Sticking with Windows XP
Doug Barney has safely deplaned from his trip to Redmond and will be back for Wednesday's Redmond Report. I'm covering for him today, in the meantime. Here we go:
Most IT pros (84 percent) don't plan to move to Windows 7 in the next year, so says a March survey sponsored by system management appliance vendor KACE.
That result from a survey of 1,142 participants isn't really surprising. Microsoft has suggested that Windows 7 will be released some time in 2010, although rumors have suggested a release to manufacturing some time this fall.
However, Windows 7's timing is just part of the issue. The survey indicated that 53 percent of those who plan to move to Windows 7 want to do so to skip Vista. Ouch! It seems there's still some lingering resentment out there about Vista. Vista's problems stemmed from early software incompatibilities, as well as hardware requirements that meant upgrading equipment for many IT departments. However, that's all in the past, right?
Maybe not. Despite what Microsoft has been saying -- that applications working on Vista will work on Windows 7 -- the respondents didn't seem to accept that premise. The top concern with moving to Windows 7 was software compatibility (88 percent).
Perhaps that result reflects the general inexperience with Windows 7, as just 17 percent of the participants had installed the Windows 7 beta. It also suggests that IT shops haven't forgotten the pain of Vista.
Free mainstream support for XP will run out tomorrow on April 14. Microsoft also says that extended (paid) support for XP will be available until April 8, 2014. Given that timeline, is your IT shop feeling any pressure to move from XP? Let Doug know at email@example.com.
Desktop Virtualization: Who Uses It?
Speaking of migrations, Microsoft rolled out a new tool to help tide over IT shops as they migrate from one operating system to another. Microsoft Enterprise Desktop Virtualization Version (MED-V) 1.0 was released this month.
The MED-V tool lets you run those XP "legacy" apps on Vista (if you're using that OS). However, there's a catch: You've got to have Software Assurance licensing to use MED-V.
Are you using MED-V? Is it the solution to your OS migration problems (assuming that you're moving off Windows XP)? Send your thoughts to Doug at firstname.lastname@example.org.
As the Worm Turns
No one can stop talking about the Conficker worm. We were told it was going to update itself and expand its domains on April 1. Now CERT (the U.S. Computer Emergency Readiness Team) tells us that a new variant of the worm is trying to update previously infected machines.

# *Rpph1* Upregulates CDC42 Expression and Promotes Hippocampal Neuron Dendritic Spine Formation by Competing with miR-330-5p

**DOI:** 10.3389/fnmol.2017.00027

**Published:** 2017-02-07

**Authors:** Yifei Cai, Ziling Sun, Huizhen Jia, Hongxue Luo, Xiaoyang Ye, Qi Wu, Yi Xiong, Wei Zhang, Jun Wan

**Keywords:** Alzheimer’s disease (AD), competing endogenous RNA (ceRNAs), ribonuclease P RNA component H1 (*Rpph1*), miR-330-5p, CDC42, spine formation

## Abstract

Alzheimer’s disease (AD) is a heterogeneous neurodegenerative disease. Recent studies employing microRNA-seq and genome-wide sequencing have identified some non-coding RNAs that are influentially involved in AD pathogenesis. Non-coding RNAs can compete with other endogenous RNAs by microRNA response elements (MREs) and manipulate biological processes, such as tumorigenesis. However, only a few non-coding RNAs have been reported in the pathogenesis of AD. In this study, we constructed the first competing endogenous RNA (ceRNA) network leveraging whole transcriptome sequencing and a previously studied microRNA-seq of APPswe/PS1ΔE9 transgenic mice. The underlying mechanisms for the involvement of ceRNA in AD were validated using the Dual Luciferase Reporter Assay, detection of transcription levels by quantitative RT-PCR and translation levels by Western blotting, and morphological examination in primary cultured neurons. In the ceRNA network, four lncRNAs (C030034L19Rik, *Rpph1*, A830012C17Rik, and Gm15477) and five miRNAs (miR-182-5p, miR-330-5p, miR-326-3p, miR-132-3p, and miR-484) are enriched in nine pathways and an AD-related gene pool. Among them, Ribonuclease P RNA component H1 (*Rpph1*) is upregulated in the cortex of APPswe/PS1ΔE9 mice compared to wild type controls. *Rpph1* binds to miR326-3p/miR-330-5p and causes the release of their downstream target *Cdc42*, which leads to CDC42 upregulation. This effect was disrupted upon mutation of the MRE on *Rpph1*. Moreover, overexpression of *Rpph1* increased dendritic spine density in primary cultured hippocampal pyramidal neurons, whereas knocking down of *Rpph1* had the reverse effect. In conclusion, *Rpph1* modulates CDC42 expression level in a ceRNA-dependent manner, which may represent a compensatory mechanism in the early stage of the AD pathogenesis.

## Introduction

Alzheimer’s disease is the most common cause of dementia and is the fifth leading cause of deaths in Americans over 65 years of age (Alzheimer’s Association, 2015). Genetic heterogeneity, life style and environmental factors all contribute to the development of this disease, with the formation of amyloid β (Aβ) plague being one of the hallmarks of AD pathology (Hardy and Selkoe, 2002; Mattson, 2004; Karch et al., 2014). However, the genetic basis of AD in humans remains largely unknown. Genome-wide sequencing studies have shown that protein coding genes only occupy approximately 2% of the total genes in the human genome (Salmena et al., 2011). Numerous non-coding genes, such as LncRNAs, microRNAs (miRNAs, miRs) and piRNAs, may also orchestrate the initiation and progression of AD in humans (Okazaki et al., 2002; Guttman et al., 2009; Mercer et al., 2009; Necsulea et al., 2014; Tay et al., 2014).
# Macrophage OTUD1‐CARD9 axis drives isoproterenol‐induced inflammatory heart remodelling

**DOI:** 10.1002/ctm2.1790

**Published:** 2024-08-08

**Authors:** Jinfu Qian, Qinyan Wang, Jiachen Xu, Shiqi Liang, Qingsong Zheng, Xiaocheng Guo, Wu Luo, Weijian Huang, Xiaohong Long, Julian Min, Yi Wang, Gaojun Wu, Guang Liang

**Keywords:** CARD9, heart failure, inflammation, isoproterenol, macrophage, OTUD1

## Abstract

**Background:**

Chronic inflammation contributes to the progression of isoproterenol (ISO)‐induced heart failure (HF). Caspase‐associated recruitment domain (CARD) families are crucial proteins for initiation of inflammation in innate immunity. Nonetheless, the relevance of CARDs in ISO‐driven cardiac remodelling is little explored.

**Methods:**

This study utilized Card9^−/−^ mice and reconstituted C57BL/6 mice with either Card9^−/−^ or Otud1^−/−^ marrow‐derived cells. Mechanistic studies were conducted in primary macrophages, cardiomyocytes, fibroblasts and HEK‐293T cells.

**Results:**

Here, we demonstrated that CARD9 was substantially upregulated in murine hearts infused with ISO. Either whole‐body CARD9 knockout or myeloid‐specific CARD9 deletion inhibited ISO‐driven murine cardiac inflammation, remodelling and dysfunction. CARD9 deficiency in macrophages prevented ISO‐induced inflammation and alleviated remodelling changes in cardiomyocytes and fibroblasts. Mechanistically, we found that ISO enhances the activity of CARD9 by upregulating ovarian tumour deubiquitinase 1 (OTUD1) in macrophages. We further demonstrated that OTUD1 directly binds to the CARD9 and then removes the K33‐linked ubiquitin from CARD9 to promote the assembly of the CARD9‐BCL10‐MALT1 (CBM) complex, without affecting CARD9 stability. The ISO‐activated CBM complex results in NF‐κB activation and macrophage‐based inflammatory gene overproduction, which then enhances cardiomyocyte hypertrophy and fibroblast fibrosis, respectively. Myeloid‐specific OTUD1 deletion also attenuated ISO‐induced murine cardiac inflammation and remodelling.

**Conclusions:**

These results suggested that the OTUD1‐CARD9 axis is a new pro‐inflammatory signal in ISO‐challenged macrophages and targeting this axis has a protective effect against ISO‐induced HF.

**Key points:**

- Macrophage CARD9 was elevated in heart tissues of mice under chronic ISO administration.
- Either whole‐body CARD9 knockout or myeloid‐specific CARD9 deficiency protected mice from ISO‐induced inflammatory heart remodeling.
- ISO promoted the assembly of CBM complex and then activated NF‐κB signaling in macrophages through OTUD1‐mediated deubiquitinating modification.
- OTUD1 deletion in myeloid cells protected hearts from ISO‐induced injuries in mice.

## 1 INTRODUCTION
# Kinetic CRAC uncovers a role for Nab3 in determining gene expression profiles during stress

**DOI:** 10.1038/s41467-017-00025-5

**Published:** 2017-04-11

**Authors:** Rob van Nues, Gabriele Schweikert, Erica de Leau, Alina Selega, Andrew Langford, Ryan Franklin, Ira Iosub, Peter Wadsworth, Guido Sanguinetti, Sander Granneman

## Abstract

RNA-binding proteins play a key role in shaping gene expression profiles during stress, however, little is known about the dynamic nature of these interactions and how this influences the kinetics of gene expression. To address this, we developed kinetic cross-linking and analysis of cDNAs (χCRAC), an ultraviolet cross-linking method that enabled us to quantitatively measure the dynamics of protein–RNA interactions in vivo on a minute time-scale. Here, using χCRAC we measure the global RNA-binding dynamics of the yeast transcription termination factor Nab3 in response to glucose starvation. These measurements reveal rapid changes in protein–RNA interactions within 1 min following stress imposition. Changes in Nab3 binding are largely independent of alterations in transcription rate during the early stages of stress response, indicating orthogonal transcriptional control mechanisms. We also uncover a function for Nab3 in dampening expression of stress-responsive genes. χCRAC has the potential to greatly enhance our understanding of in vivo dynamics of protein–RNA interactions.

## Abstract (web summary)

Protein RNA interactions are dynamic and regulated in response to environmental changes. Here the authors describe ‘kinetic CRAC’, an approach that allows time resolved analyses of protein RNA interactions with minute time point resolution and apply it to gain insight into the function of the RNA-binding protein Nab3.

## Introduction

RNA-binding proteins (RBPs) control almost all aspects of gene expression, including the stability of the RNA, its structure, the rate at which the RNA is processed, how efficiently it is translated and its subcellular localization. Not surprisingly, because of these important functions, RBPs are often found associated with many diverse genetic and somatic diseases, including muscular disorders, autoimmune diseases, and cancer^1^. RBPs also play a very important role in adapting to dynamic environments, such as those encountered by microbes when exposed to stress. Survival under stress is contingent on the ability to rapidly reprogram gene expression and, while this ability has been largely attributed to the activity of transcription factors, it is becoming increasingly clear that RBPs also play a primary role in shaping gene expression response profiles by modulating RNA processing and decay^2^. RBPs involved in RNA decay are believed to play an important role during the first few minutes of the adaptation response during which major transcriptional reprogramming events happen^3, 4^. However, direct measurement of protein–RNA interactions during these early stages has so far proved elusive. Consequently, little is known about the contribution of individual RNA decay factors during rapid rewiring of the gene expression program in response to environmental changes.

Microsoft had originally issued a patch (MS08-067) for the Windows vulnerability back in October. Apparently, the worm continued to proliferate, and company officials complained that many IT organizations were lax in applying the patch. There's even a bounty out for the virus-maker, but no word back on whether that worked.
Anti-virus companies -- including Symantec, Microsoft and McAafee -- have responded by offering free Conficker (also knows as Downadup) removal tools. Shavlik Technologies is also extending its offer of a free scan to check the network's patch status and the configurations of devices connected to it. This "Health Assessment" scan tool is free to use through May 1.
Do you know of any IT shops that have experienced a Conficker infection or does this all just seem overhyped? Sound off at email@example.com.
Mailbag: Windows 7 Worth It?
Last week, Kurt asked readers what -- if anything -- would make them upgrade to Windows 7. Here are just some of your responses (more to come Wednesday):
To address this question with some validity is a somewhat daunting task. My competitive nature says, "Make it compete with Mac OS X and kick the megabytes out of them." The other side of me is saying, "Can we just simply come up with a product that is valued from the inside out? Starting with the nagging idea of spyware, viruses, hackers, networks and beyond."
I believe the switch is going to be worth it. The footprint seems smaller and less clunky than Vista. The much-needed security elevates the pressure looming in the air, and the new features give it an ability to compete. Way to go, Microsoft!
I run a relatively small IT consultancy out of Melbourne, Australia and I have to say that although Windows 7 appears to be faster than Vista, I do not think it's faster than XP (probably about the same, overall). The driver base seems better than Vista but that alone is not enough for me to see Windows 7 as a compelling upgrade.
I really think that as per usual, Microsoft has been carried away with trying to look like it's inventing something new. In the process it has overlooked what a lot of people want from an OS. What I wanted from Windows 7 was the old, classic Start menu; the old repair and restore feature; and, yes, an option to upgrade from XP. Now all of those features that I wanted/needed/valued and would have paid for have been removed, and to that extent my immediate reaction is: You can go to hell, Microsoft. I will decide what I want and need from an OS, not you.
We intend to move from XP to Windows 7, particularly with the good reviews the beta is getting. So, if we had the money to buy some new PCs and they came with Windows 7, we would keep them Windows 7.
Check in on Wednesday to read more letters, including readers' thoughts XP-to-Windows 7 upgrade paths. Meanwhile, tell us what you think! Leave a comment below or send an e-mail to firstname.lastname@example.org.
Kurt Mackie is senior news producer for the 1105 Enterprise Computing Group.